Changes in the colonic microbiota may play a role in the pathogenesis of ulcerative colitis (UC) and restoration of healthy gut microbiota may ameliorate disease.
Dr Nareej Narula and colleagues performed a systematic review and meta-analysis to assess fecal microbiota transplantation as a treatment for active UC.
The team conducted a literature search to identify high-quality studies of fecal microbiota transplantation as a treatment for patients with UC.
The researchers' primary outcome was combined clinical remission and endoscopic remission or response.
|Number needed to treat for remission with fecal microbiota transplantation was 5|
|Inflammatory Bowel Disease|
Secondary outcomes included clinical remission, endoscopic remission, and serious adverse events.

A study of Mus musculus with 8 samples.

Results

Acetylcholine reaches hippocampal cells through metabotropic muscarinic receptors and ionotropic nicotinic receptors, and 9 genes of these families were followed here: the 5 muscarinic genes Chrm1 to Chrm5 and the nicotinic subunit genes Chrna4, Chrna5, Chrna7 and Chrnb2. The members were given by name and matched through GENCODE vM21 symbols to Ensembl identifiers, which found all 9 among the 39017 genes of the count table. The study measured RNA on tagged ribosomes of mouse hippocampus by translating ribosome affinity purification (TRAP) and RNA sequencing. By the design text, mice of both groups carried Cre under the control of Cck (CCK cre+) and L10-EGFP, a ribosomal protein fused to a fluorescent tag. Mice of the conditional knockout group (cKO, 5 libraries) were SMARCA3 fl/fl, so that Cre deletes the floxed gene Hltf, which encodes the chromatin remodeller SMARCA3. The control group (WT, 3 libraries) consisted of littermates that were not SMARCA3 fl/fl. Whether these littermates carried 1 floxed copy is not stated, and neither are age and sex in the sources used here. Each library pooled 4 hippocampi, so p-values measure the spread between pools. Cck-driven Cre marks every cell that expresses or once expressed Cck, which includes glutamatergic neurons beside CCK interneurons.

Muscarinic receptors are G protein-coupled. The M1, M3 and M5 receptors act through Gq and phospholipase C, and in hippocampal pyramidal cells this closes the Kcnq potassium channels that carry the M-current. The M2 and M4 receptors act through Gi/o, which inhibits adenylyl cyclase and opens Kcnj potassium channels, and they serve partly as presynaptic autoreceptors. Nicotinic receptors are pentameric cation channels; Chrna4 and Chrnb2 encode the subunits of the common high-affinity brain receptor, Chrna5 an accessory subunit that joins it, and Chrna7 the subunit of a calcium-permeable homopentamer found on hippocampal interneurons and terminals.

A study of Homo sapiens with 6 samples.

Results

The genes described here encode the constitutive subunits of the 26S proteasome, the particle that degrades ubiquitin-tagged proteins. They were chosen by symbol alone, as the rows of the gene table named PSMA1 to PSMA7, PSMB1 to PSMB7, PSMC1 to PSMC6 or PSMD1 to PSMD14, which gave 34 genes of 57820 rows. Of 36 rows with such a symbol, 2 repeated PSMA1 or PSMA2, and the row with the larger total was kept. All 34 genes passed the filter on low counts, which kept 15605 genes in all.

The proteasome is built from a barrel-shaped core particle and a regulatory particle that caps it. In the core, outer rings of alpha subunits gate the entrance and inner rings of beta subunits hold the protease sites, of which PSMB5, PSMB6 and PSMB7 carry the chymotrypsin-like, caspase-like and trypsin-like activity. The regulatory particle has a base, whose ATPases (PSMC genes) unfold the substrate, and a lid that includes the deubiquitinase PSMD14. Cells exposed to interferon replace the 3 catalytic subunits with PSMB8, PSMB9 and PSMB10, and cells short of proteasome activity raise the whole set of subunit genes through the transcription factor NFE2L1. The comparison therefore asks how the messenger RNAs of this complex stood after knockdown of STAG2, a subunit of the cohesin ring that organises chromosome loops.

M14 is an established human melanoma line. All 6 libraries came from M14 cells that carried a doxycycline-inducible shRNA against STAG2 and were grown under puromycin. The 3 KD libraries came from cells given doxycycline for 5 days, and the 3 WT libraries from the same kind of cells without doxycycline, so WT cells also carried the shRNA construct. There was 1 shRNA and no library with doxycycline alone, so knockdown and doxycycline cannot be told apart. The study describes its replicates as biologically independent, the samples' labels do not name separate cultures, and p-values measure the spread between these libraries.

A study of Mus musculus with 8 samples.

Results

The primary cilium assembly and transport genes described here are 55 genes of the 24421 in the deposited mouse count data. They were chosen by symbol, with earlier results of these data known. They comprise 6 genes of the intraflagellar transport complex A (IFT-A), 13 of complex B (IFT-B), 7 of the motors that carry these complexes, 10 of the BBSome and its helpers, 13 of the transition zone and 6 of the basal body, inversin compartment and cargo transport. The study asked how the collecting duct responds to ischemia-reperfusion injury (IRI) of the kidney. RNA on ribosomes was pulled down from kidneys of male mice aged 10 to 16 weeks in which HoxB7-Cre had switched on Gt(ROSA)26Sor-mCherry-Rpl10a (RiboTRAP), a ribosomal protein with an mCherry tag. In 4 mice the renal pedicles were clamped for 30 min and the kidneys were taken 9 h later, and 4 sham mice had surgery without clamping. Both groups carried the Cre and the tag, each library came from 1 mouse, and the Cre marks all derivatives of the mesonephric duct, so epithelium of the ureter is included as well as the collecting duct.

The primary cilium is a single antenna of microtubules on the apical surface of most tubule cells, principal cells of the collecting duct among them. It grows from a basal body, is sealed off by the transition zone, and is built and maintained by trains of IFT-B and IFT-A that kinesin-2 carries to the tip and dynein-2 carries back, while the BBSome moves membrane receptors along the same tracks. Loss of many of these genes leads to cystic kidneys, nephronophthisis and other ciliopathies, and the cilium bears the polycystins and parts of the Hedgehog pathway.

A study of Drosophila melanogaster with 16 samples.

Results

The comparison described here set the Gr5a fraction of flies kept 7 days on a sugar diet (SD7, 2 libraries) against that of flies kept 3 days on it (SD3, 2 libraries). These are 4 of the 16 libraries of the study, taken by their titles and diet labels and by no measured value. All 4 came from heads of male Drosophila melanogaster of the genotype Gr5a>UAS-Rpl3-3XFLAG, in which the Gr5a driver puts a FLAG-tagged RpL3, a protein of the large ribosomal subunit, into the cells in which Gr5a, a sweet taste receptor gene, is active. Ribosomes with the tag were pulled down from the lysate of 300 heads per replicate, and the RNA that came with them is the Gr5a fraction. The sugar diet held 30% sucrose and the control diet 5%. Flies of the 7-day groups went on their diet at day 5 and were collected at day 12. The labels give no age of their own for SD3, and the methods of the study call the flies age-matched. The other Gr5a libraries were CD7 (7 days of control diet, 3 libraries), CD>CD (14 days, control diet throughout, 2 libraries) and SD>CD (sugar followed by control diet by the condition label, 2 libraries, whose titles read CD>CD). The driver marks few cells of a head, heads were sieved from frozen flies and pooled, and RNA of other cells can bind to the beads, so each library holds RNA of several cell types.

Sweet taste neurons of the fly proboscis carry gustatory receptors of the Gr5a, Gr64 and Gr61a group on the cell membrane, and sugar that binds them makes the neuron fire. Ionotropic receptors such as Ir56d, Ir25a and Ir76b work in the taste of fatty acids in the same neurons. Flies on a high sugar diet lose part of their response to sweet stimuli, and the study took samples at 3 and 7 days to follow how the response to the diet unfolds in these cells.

Overall, 4 studies with 277 participants were eligible for inclusion.
The team found that among 4 randomized controlled trials, fecal microbiota transplantation was associated with higher combined clinical and endoscopic remission compared with placebo with a number needed to treat of 5.
There was no statistically significant increase in serious adverse events with fecal microbiota transplantation compared with controls.
Dr Narula's team comments, "Among randomized controlled trials, short-term use of fecal microbiota transplantation shows promise as a treatment to induce remission in active UC based on the efficacy and safety observed."
"However, there remain many unanswered questions that require further research before fecal microbiota transplantation can be considered for use in clinical practice."